NASA’s DART asteroid collision mission a smashing success!
Two weeks after a NASA spacecraft purposely collided with an asteroid, the agency confirmed the impact changed its orbit much greater than initially expected.
On Sept. 26, 2022, the Double Asteroid Redirection Test, or DART, slammed into asteroid Dimorphos, a moonlet of the larger asteroid Didymos, at a speed of 4 miles (6 kilometers) per second. NASA hoped the refrigerator-sized spacecraft would change the small asteroid’s orbit by about 10 minutes from the initial period of 11 hours, 55 minutes.
After two weeks of analysis, it turns out the orbital period was reduced to 32 minutes to 11 hours, 23 minutes, plus or minus 2 minutes — three times more than the agency had hoped.
This was the first time humanity attempted to change the motion of a celestial object, according to NASA, and the first test of a planetary defense technique called kinetic impact. It’s important to note, however, that this particular asteroid does not pose a risk to Earth before or after the DART impact.
“All of us have a responsibility to protect our home planet. After all, it’s the only one we have,” said NASA Administrator Bill Nelson in an Oct. 11 agency news release. “This mission shows that NASA is trying to be ready for whatever the universe throws at us. NASA has proven we are serious as a defender of the planet. This is a watershed moment for planetary defense and all of humanity, demonstrating commitment from NASA’s exceptional team and partners from around the world.”
Didymos is about 530 feet (160 meters) across while its parent asteroid is about 2,560 feet (780 meters) across. The DART spacecraft had a mass of about 570 kilograms.
NASA said it defined mission success before the impact as changing the orbital period of Didymos by about 73 seconds but said up to 10 minutes was likely.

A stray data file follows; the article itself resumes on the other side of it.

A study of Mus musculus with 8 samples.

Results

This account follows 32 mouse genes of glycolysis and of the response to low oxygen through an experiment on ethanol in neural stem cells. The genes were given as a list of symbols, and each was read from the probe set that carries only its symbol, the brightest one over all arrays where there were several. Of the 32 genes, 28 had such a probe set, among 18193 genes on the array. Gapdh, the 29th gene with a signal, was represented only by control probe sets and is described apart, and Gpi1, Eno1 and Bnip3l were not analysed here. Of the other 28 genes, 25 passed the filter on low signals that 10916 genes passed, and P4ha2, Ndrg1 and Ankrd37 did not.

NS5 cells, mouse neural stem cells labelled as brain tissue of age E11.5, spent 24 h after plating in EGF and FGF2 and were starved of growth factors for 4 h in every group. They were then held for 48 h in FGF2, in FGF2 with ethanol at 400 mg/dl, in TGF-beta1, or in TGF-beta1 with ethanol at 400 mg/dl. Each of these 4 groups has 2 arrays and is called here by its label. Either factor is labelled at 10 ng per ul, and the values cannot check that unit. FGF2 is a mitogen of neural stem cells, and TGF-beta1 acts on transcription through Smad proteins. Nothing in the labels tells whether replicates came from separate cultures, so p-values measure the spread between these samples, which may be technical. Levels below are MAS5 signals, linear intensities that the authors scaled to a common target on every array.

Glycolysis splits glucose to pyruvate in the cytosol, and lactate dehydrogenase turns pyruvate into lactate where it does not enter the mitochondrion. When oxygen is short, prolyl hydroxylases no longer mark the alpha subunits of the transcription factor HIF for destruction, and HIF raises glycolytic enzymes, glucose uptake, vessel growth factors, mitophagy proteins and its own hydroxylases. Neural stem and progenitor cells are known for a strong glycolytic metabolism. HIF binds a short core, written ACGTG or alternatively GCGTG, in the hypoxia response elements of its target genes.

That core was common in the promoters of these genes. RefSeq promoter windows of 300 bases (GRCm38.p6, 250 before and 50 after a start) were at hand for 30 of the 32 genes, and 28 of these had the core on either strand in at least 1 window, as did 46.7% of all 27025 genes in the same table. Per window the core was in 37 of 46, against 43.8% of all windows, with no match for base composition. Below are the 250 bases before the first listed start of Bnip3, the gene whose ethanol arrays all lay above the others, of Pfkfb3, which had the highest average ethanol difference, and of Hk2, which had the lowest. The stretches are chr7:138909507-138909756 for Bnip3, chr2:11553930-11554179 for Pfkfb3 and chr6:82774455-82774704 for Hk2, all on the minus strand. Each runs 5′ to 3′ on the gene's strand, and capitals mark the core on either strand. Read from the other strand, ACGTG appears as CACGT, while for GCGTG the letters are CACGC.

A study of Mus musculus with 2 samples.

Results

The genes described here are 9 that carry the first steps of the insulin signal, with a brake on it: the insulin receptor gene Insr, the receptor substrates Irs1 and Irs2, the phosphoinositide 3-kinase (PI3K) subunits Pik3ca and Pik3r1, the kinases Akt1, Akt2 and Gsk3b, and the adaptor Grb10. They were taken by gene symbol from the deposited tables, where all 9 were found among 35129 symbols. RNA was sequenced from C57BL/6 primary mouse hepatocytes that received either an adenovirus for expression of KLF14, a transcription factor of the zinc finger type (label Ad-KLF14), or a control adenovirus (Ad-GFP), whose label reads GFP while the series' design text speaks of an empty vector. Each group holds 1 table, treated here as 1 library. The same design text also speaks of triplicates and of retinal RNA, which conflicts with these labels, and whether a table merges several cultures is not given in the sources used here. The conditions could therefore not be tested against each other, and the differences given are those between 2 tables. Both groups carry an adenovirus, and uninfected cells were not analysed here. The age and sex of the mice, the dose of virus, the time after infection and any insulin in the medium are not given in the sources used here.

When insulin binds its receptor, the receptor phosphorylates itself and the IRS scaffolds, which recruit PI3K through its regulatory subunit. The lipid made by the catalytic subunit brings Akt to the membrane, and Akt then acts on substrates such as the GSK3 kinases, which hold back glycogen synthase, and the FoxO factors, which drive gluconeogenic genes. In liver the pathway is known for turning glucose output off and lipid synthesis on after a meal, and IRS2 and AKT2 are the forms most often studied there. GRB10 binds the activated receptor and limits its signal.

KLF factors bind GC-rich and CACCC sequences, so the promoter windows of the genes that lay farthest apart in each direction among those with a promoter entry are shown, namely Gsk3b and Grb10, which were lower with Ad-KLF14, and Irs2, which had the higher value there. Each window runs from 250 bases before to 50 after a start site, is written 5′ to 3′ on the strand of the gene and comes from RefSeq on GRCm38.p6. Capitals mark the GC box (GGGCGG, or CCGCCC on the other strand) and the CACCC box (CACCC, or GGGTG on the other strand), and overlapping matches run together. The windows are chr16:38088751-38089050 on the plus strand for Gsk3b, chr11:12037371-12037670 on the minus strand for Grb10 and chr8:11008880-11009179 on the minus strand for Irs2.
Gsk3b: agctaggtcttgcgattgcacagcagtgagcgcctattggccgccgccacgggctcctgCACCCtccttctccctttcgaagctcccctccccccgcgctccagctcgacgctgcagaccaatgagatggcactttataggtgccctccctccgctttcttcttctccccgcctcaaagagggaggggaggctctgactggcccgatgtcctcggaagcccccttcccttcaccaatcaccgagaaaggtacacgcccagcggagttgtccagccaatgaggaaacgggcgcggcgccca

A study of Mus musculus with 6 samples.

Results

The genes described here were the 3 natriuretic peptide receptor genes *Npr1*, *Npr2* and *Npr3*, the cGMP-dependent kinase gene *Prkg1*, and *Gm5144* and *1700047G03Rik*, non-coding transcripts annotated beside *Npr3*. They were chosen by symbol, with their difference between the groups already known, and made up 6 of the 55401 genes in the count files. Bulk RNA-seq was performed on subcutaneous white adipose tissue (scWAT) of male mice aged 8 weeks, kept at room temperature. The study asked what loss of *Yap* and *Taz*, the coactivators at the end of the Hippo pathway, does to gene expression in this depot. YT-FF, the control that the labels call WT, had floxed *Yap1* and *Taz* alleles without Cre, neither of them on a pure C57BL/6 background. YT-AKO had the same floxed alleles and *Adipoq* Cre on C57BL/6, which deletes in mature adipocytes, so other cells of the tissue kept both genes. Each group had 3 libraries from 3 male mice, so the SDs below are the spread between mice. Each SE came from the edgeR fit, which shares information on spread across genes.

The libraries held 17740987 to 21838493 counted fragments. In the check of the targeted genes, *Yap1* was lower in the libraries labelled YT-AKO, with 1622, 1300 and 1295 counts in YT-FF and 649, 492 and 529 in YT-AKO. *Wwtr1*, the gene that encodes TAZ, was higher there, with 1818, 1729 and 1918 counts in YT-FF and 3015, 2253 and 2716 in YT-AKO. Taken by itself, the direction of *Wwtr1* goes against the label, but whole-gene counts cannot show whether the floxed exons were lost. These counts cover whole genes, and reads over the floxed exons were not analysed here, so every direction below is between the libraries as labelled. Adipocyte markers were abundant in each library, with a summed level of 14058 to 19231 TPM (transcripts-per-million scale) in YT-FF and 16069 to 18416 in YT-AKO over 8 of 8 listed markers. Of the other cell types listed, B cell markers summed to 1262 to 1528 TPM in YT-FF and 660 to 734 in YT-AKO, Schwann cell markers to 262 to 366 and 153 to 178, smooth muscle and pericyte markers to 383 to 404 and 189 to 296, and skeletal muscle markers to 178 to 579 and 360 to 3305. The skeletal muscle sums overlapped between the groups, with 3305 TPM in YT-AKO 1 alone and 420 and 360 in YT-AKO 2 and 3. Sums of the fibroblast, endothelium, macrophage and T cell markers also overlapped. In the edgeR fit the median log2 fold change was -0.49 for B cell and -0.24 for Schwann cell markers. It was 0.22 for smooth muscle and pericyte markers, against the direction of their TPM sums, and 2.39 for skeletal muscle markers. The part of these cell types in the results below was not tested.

The agency said one possibility for the 30-minute period change could be the ejecta that was thrown away from the asteroid as a result of the impact. Further analysis of the ejecta is needed, and many tons of rock were thought to be displaced and launched into space by the collision, according to NASA.
Indeed, images after the impact showed debris tails spreading away from the asteroid body by as much as 6,000 miles (10,000 kilometers). NASA said more information about the asteroid’s properties will be required to better understand the effects of ejecta recoil.
“DART has given us some fascinating data about both asteroid properties and the effectiveness of a kinetic impactor as a planetary defense technology,” said Nancy Chabot, the DART coordination lead from the Johns Hopkins Applied Physics Laboratory in Laurel, Maryland. “The DART team is continuing to work on this rich dataset to fully understand this first planetary defense test of asteroid deflection.”
A follow up mission by the European Space Agency called Hera is expected to launch in 2024 and rendezvous with the binary asteroid system by 2026 to perform a post-impact survey of Dimorphos.
Videos courtesy of NASA
Derek Richardson has a degree in mass media, with an emphasis in contemporary journalism, from Washburn University in Topeka, Kansas. While at Washburn, he was the managing editor of the student run newspaper, the Washburn Review. He also has a website about human spaceflight called Orbital Velocity.